Blue skies and sunshine welcomed the Formula 1 teams to the start of pre-season testing at the Jerez circuit in southern Spain on Tuesday.
The teams were beginning the work that will establish whether the ideas developed throughout last year and in the build of their new designs will actually bear fruit.
Among the novelties, the biggest is Lewis Hamilton having his first test for his new Mercedes team, driving an F1 car that is not a McLaren for the first time in his career.
Instead he's having to adapt to all the different buttons and switches on the steering wheel of his new Mercedes, some of which he has already asked to be deleted.
Hamilton is also learning subtle differences in the way language is used during radio communications at his new team and of course forging new relationships with those around him in the garage.
Over lunch on Tuesday, Hamilton was engrossed in conversation with the team's non-executive chairman Niki Lauda, who was instrumental in persuading him to switch teams.
But it was a frustrating first day of testing for Mercedes. Hamilton's team mate Nico Rosberg managed only 11 laps before the car stopped with a small electrical fire, which required overnight modifications.
Hamilton's old team had their own dramas, too, with McLaren's Jenson Button becoming the first "retirement" of the season in the early stages of the day, because of a fuel pump failure.
New team-mate Sergio Perez, Hamilton's replacement, was watching from the pit wall alongside his friend and manager, the former IndyCar star Adrian Fernandez, who is deeply impressed by what he sees at "Checo's" new home.
Fernandez was not only a highly competitive driver, he also ran his own team and took pride in everything being neat and ordered.
He could not have found a better example of those traits than at McLaren, and yet he also says the warmth with which Perez has been treated belies the team's cold image.
Fernandez says Perez feels even more included than he did in the family atmosphere of the Sauber team.
F1 is heading into the final season of a set of rules that were introduced in 2009, so there are now very few identifiable differences between the cars, despite the hours and hours of work done by engineers at their desks and in wind tunnels.
That's because over time the engineers all tend to zero in on one best solution to the various problems raised by a set of regulations.
Sauber have raised a few eyebrows with a sidepod design that is narrower than the rest, reducing frontal area but also limiting the amount of cooling air that can pass over the radiators inside.
Other teams are intrigued to see whether they will gain any advantage in speed and still be able to maintain temperatures at a sensible level in the hotter climes of Australia and Malaysia.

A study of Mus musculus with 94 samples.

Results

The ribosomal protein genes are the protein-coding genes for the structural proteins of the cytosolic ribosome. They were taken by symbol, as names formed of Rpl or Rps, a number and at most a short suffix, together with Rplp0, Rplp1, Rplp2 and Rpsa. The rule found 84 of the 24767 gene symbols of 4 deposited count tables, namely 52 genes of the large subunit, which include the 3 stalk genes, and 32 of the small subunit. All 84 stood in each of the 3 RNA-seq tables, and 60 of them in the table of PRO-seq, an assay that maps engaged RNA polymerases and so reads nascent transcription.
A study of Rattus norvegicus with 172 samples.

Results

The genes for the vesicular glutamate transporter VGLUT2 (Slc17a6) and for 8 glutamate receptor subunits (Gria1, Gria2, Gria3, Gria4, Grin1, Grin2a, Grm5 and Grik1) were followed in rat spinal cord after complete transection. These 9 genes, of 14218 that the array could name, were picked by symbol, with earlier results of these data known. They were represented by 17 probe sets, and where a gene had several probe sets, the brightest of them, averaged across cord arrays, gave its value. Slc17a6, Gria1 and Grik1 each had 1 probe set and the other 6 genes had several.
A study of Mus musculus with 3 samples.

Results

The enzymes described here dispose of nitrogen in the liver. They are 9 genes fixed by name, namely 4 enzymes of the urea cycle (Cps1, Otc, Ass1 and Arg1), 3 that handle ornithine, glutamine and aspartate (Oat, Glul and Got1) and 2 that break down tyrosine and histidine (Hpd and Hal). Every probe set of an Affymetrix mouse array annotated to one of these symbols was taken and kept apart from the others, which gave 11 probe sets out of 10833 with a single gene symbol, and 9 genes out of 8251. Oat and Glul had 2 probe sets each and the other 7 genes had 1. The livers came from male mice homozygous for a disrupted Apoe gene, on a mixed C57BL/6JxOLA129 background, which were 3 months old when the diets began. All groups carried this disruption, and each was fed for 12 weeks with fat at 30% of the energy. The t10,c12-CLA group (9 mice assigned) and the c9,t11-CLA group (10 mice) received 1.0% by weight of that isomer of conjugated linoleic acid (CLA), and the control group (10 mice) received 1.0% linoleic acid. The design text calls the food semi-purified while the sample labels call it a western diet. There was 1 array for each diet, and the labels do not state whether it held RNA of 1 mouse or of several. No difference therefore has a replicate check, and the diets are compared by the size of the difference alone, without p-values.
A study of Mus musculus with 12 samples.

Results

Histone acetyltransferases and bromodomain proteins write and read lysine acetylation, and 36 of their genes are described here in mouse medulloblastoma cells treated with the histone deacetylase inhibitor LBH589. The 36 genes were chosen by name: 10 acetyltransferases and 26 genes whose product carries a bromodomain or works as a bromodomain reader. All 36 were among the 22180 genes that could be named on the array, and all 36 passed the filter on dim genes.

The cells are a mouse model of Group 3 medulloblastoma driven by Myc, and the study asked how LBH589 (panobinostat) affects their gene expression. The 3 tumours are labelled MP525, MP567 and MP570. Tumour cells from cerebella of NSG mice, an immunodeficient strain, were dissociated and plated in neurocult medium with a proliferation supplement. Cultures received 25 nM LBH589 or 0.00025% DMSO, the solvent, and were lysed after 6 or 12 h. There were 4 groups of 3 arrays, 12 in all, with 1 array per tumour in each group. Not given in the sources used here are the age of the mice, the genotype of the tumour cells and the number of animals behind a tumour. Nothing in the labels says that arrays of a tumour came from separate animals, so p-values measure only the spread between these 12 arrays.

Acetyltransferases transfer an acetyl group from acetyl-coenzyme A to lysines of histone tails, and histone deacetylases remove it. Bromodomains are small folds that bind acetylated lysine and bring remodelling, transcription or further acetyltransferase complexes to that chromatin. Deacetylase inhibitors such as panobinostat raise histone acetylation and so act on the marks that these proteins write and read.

All bar Marussia have gone for a high monocoque in front of the driver and a stepped nose, but the majority have filled the step with a "vanity panel", which is more pleasing to the eye. Caterham and Lotus have not done so and there is no doubt their cars still look a little ungainly as a result.
Colour schemes have altered subtly but without any huge transformations - a brighter green on the Caterham, a more vivid red for Marussia, more grey on the Sauber and the black lower border on the Ferrari. There's no doubt that in terms of the appearance of Formula One, it will be 2014 and a radically different set of rules before there are real surprises.
For once at an event where F1 cars are running, I don't have to spend all my time in a commentary box.
BBC F1 technical analyst Gary Anderson and I watched at various points around the track on Tuesday, and while it's impossible to see which car is going to be a winner just from observing, certain aspects of the cars' behaviour are instructive.
The Lotus looks nimble in the hands of Romain Grosjean, while the Red Bull of Mark Webber appeared to be running on a heavy fuel load in these early sessions, the car reacting more slowly on turn-in and acceleration than when light of fuel.
The Toro Rosso of Daniel Ricciardo looked promising in the slower corners, as the back of the car looks responsive to his inputs, while Paul di Resta was silky smooth and consistent in the Force India. The car appears to turn in well, it rides over kerbs and bumps with minimal deflection and he set a competitive time with absolutely no drama.
This circuit at Jerez is not typical of many current F1 tracks, and a car that is fast here may not necessarily be on the pace elsewhere, but it can still give clues.
We came across 1982 world champion Keke Rosberg - Nico's father - watching from one of the final corners, and he wasn't too impressed with the Ferrari of Felipe Massa, and thought that Pastor Maldonado was a bit ragged while pushing hard. That made Gary and me smile, as the Finn was well known for his hard-charging technique.
Maldonado's car is in fact the 2012 version with some updates, and Williams are the only team not to have unveiled their new car as yet. Perhaps this explains the Venezuelan's abandon - he may well feel a little less sense of responsibility than drivers who are out in the brand new cars, for which spare parts will be at a premium.
The wailing sound of a lone V8 breaks the conversation as another car flashes by.
This is the last season of these 2.4-litre V8 engines, and I almost want to close my eyes and mentally record the sound for posterity. This time next year, the V6 engines will have taken over, with a turbo charged whistle.
Not better or worse, just different - but for now let's enjoy what we have. Testing continues, the sun is still shining, and the groundwork for a new season is being firmly laid.